I would not call myself a die-hard Pratchett fan. I know there are many who are far more deserving of the title, who have read each book 100 times over and can quote just about everything the man ever wrote. I don’t think ‘fan’ is the word for me now. Though it was to begin with.
When I first read The Colour of Magic as a teenager, I was hooked. Pratchett-obsessed over night. I read everything of his that I could get my hands on. His work was just so good, and unlike anything I had ever read before. I didn’t even know books could be written like that. His work informed everything I did, the way I viewed the world, and even some of the choices I made that have fundamentally altered the way my life has gone.
More than that, I started to write. Writing like I had never written before. Thousands and thousands of words, numerous stories. Stories that started out, mostly, in an attempt to replicate Terry’s own unique style (something that, of course, can’t be done), but that ultimately evolved and grew into my own creative voice. A voice that I use to write films, to construct image style for my art, and a voice that I hear coming out of my mouth every day since.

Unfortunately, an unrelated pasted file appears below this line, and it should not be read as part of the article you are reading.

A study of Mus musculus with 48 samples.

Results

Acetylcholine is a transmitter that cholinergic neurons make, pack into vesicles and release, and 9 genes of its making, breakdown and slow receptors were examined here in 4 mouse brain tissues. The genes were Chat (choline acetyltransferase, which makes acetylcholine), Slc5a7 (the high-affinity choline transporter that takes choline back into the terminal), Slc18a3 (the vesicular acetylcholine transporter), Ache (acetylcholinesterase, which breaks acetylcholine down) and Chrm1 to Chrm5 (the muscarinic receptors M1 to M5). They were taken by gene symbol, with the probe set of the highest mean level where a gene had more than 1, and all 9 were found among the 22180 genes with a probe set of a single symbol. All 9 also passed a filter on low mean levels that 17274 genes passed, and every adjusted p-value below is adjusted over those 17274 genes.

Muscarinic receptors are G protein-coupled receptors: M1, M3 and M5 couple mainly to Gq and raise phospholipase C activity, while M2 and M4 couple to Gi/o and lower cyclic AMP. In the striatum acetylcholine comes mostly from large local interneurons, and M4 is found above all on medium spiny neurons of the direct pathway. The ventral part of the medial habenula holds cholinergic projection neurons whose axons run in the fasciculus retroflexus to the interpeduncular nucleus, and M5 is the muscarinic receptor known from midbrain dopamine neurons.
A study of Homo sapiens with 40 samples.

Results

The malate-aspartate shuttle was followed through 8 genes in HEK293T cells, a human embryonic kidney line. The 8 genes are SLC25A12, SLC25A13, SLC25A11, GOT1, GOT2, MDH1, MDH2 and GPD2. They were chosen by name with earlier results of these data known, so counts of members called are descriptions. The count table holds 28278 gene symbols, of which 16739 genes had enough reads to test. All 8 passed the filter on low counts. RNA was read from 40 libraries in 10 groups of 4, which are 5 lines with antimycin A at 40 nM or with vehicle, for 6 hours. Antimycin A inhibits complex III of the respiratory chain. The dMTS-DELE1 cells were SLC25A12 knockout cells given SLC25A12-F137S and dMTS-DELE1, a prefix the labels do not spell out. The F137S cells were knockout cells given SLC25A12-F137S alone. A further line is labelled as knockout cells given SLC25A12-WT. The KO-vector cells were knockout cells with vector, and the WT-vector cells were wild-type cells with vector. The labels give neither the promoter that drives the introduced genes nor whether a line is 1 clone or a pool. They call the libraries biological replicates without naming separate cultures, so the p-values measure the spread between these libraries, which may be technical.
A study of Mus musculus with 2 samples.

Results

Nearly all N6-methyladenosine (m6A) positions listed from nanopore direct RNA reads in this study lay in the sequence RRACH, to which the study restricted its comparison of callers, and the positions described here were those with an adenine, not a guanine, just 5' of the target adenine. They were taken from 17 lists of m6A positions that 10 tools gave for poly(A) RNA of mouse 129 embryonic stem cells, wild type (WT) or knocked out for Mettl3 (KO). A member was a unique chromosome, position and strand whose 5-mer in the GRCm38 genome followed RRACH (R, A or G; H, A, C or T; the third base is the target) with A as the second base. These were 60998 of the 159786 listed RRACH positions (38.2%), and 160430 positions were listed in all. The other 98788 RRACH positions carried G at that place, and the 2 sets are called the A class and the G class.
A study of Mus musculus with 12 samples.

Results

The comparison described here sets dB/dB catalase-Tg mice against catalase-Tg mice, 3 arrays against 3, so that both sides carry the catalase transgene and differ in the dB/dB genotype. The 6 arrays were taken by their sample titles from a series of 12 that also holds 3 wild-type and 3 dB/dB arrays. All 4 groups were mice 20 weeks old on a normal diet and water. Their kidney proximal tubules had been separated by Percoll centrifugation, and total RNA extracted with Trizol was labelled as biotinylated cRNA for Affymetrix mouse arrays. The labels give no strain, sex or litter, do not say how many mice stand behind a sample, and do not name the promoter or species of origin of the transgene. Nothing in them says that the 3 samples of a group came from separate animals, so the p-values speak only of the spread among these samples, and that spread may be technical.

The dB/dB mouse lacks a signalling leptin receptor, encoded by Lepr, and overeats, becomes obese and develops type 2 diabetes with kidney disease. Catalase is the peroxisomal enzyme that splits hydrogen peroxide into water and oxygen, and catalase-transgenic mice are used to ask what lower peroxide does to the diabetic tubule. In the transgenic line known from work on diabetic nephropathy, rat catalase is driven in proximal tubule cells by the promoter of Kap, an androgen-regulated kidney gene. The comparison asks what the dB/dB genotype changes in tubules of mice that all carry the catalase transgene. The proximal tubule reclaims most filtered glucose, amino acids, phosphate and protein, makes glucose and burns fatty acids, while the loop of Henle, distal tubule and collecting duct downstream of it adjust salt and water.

I realised today how long it’s been since I read anything Terry wrote. I’ve lost track of what his latest published work is, and the details of many of his books have started to fade into the background of my memory. So no, ‘fan’ is not the word. I don’t know what the word is.
Because his work has been such a fundamental part of my development as a human being that whether or not I am a fan is no longer relevant. His work is a core element in the construction of my foundation as a person, the building blocks upon which I grew. What is the word for that? Mentor? Inspiration? Possibly. He is this and much more to many thousands of people worldwide.
Through his work I have forged many friendships with people who have all expressed a similar inability to find the right words to sum up how utterly devastating the loss of Terry Pratchett is. I get the impression that none of us are just ‘fans’ really.
I’ve never been so affected by the death of someone I’ve never met before. It’s difficult to properly explain why, but I guess anyone else who has been shaped and inspired by his work will also understand what I mean when I say that I feel a bit empty today.
For anyone who doesn’t understand, I would recommend either The Colour of Magic, or The Wee Free Men as a good place to start.